Moving away from a school environment where collaborating considered to be cheating
In 2012 I wore an article for KQED “For exams, is using the internet considered cheating?”. That was because Norway had just opened up for the use of the internet during exams in some chosen subjects. I wrote in the article;
The world is constantly changing and keeping up with even the most important new content is difficult. Imagine writing about global challenges like famine, drought or global warming without being able to look up any information (these are topics likely to be addressed in the exam). Instead of barring the Internet, students should be taught how to filter the information, judge its credibility, and use it to build logical arguments and greater understanding. If communication and collaboration are valued 21st-century skills, it will not be possible to hone these skills unless exams are changed in radical ways. KQED
Can we cancel exams the second year around, or alternatively, can we reimagine exams? Can we let our students take the exams online, using material they have saved and learned throughout this year? Perhaps a cross-curricular exam where many subjects are included, and the use of the internet is not looked on as cheating? Should students be allowed to show that they master the subjects in other ways than sitting an exam? Is it time to change? Or at least imagine that we can? The article I wrote in 2012 ended this way;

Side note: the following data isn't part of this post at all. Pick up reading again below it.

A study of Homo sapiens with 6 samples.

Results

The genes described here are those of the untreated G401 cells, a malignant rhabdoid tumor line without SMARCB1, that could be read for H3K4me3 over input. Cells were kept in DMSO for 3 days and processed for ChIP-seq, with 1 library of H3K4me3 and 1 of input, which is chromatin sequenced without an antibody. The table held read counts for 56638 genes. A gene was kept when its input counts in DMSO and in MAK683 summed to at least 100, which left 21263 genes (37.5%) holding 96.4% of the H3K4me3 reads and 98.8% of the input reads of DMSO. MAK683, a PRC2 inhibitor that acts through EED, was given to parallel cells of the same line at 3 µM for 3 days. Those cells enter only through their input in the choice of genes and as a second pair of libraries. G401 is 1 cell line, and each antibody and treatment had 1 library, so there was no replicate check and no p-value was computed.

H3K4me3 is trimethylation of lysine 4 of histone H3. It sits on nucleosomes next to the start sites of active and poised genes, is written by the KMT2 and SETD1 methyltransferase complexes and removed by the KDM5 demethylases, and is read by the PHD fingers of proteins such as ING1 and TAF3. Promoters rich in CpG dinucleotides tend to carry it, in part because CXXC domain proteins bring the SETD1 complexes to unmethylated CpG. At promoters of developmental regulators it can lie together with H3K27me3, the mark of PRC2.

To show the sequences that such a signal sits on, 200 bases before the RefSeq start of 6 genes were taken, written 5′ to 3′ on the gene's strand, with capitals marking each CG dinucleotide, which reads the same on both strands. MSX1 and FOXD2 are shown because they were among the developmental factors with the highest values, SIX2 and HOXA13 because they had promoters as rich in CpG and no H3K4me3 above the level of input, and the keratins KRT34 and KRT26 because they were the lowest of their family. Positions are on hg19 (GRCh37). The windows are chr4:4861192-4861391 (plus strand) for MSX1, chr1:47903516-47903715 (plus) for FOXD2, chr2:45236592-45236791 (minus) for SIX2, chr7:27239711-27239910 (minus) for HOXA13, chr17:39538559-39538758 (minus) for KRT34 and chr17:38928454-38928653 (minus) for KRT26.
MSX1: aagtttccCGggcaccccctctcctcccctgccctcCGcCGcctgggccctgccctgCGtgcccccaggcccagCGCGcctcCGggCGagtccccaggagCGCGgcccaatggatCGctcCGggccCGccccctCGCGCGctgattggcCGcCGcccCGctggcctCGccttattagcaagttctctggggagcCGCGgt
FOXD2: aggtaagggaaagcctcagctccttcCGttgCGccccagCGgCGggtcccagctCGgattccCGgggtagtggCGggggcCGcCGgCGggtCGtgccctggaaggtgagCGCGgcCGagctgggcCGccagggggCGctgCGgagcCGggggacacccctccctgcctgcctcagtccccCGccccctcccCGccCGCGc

If communication and collaboration are valued 21st-century skills, it will not be possible to hone these skills unless exams are changed in radical ways.
I still believe that to be true. Other countries are starting to look into this as well. It looks like the beginning of the end of America’s obsession with student standardized tests; Washington Post. England’s exam system is broken – let’s never put it together again, The Guardian.